Apple invests 1.7bn euro in Irish and Danish data centres
Mon 23 Feb 2015
Apple Inc. announced today that it will invest €1.7B (£12.5bn+) in new data centre infrastructure in Ireland and Denmark. The new constructions will take advantage of green technologies and cooling techniques suitable to the below-temperate climes of the chosen locations: Athenry, 17.4km (10 miles) from Atlantic-facing Oranmore near Galway, has a Maritime Temperate Climate, with mild winters and cool summers, while Viborg has a similar temperature profile due to its proximity to the winds over Hjarbæk Fjord 15.3km (less than 10 miles) away.
Both sites are expected to operate on 100% renewable energy, and are set to begin operating in 2017. Apple CEO Tim Cook said: “This significant new investment represents Apple’s biggest project in Europe to date. We’re thrilled to be expanding our operations, creating hundreds of local jobs and introducing some of our most advanced green building designs yet.”
The combined footprint of the two data centres will equal some 332000 square metres (3.5+ million square feet), and is intended to store data from a range of Apple services including iMessage, Maps, Siri, iTunes Store data and App store data – all for Apple’s European customers.
The Athenry establishment includes a scheme to recover land formerly used as harvestable stock for non-native trees, with several planting schemes accompanying the company’s pledge to establish outdoor education environments for schools local to the area.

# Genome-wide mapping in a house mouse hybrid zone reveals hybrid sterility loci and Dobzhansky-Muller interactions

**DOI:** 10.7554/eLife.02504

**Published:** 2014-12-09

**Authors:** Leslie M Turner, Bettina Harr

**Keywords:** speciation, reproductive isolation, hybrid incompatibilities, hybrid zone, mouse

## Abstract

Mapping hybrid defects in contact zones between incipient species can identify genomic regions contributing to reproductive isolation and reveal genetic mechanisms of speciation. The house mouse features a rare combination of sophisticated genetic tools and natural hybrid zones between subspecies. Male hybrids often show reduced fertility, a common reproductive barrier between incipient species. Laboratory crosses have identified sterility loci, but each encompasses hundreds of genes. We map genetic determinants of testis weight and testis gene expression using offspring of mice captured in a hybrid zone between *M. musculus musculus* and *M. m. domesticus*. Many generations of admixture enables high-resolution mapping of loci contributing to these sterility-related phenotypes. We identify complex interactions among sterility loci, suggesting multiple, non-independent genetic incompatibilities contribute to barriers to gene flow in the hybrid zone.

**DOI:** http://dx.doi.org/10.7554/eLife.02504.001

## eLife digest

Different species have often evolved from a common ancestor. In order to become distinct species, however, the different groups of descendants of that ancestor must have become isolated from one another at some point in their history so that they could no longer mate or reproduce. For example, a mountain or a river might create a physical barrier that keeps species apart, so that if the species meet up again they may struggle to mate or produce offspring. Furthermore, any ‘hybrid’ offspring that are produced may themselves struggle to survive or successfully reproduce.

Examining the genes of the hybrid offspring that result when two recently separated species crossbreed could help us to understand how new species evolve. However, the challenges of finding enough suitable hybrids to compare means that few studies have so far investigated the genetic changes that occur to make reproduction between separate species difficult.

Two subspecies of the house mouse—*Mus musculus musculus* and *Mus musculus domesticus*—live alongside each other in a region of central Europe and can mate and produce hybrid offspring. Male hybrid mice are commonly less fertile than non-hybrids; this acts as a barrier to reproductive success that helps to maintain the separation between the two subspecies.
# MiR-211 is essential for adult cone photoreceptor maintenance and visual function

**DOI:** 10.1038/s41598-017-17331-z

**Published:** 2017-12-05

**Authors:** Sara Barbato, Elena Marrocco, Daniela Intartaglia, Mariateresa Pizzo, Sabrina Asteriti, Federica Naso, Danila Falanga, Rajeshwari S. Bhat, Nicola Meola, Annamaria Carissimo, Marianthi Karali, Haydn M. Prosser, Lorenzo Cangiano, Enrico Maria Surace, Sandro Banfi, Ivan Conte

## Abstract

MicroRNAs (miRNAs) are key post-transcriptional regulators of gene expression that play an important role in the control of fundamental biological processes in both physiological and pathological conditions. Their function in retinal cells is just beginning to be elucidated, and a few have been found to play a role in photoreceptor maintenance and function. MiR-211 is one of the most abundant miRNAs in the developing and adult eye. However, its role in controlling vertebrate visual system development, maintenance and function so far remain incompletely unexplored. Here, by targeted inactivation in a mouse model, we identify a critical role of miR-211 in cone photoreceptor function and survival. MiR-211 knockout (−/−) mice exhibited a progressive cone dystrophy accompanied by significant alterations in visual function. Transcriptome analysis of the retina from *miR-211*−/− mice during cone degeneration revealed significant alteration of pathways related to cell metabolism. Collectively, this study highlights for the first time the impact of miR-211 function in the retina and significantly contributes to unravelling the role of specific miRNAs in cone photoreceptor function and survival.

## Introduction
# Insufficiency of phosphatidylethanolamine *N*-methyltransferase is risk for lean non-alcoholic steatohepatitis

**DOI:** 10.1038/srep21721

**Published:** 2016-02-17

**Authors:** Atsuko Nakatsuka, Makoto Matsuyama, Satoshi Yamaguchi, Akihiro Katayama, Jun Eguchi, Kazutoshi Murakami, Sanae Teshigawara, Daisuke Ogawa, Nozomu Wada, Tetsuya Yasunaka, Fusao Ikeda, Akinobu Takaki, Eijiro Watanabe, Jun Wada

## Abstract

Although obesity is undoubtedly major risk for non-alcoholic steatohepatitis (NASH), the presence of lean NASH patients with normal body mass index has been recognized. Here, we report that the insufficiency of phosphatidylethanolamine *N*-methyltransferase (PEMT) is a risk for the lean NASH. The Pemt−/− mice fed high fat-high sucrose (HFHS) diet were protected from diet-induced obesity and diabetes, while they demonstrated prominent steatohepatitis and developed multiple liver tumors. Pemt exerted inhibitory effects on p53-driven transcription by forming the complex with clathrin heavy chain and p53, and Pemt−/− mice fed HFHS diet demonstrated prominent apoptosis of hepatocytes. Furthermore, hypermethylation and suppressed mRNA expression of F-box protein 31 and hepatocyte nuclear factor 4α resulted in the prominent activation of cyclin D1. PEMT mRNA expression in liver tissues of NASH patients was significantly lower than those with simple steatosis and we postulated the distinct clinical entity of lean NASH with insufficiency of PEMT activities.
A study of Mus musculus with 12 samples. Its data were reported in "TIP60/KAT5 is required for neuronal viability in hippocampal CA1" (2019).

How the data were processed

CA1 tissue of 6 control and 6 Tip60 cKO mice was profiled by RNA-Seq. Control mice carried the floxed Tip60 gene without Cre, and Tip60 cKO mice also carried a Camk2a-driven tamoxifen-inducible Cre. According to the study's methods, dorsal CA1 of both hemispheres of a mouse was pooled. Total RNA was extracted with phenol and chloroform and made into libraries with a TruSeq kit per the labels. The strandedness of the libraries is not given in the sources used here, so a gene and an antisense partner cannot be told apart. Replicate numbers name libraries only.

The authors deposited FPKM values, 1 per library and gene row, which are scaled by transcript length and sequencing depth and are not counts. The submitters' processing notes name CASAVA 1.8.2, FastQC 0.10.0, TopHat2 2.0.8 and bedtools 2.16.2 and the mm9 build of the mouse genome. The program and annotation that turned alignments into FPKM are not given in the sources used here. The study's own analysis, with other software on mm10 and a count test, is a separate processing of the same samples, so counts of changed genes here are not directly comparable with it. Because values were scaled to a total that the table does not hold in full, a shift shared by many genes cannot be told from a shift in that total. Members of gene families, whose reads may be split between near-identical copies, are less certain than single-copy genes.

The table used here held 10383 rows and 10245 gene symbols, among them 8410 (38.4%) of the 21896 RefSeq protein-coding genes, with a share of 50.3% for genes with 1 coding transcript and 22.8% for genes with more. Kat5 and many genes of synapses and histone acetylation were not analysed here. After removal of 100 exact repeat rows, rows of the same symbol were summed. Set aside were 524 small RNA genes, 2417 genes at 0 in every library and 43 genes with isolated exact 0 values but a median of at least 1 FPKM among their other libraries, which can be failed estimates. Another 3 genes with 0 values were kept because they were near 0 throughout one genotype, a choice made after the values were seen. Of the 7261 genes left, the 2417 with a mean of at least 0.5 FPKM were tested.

The company’ environmental chief, Lisa Jackson notes that the new plants will trump Apple’s recent commitment to solar powered data centres in California, saying: “We believe that innovation is about leaving the world better than we found it, and that the time for tackling climate change is now,” going on to state: “Our commitment to environmental responsibility is good for the planet, good for our business and good for the European economy,”
The establishment of data centres in co-operative European countries which are relatively uncontroversial in terms of data sovereignty seems a safe move for Apple, who might have found easier cooling solutions shivering close to Facebook in the Node Pole. Since the data intended for the new centres is apparently exclusively European, it seems that data sovereignty issues are making some clouds more geosynchronous than others. Last year Microsoft arrived in some difficulty when under a warrant to produce data on a US client which was stored in an MS data centre in Ireland.